Making available more financial and other resources both by the Government (Central and State) and private organisations is one of the major challenges that the higher education system in India is facing, said the top official at University Grants Commission (UGC).

“As an apex education body we wish that adequate funds be made available for higher education and research. India spends 0.6-0.7 per cent of its GDP on research and development which is very low compared to the US (2.8 per cent), China (2.1 per cent), Israel (4.3 per cent) and Korea (4.2 per cent),” said DP Singh, Chairman, UGC.

Singh said there is need for higher education institutes to revisit their courses and assess the job opportunities that would be available in the coming five years.

“Courses that make students employment-worthy should be introduced,” Singh said.

Private players

In international rankings, universities that make it to the list from India are mostly government-funded ones and there is hardly a private university that finds a place in it, he said.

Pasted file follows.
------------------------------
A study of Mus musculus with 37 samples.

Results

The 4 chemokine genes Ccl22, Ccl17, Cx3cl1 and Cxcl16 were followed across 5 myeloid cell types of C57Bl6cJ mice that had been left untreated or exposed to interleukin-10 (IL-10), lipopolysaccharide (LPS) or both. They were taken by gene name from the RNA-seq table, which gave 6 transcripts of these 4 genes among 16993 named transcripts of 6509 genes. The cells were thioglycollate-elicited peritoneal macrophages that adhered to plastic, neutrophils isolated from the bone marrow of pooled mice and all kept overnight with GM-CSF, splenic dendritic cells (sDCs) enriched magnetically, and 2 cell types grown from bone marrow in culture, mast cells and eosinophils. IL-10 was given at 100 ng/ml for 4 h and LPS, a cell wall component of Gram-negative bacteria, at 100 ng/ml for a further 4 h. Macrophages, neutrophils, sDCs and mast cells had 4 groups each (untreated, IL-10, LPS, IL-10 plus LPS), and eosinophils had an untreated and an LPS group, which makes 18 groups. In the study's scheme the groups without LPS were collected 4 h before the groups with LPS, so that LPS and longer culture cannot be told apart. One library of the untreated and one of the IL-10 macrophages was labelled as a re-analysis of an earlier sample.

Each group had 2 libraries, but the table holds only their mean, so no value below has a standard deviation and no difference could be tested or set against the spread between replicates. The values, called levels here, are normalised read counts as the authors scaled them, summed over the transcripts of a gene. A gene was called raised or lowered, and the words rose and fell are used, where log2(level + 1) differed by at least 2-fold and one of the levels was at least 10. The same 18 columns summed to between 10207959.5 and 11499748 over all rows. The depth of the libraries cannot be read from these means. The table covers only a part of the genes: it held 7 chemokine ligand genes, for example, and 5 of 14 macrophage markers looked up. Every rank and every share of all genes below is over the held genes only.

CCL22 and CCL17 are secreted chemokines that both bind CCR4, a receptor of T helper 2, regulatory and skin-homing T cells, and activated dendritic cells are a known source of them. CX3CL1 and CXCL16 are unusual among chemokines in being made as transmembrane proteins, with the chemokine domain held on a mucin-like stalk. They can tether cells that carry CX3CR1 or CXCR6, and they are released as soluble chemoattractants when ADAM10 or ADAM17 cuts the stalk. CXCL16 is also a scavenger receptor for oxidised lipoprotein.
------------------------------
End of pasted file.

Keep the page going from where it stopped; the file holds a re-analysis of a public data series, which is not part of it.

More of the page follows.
“Now things are changing and private universities are taking initiatives to find a place globally,” he added. “This is because the global rankers prefer multi-interdisciplinary institutions, and in India, they are more stream-based, such as technical and medical universities,” Singh said. Private players should recognise the need for improvement in the quality of education as that is what would pay in the long run, he added.

On the initiatives being taken by the UGC to improve the quality of education, Singh said, “Those institutes with a Cumulative Grade Points Average (CGPA) of 3.5 and above have been rewarded with full autonomy.”

IoE status

Meanwhile, to raise Indian universities to global standards, 20 universities are being selected for Institute of Eminence (IoE) status, he said. So, far six universities have been selected.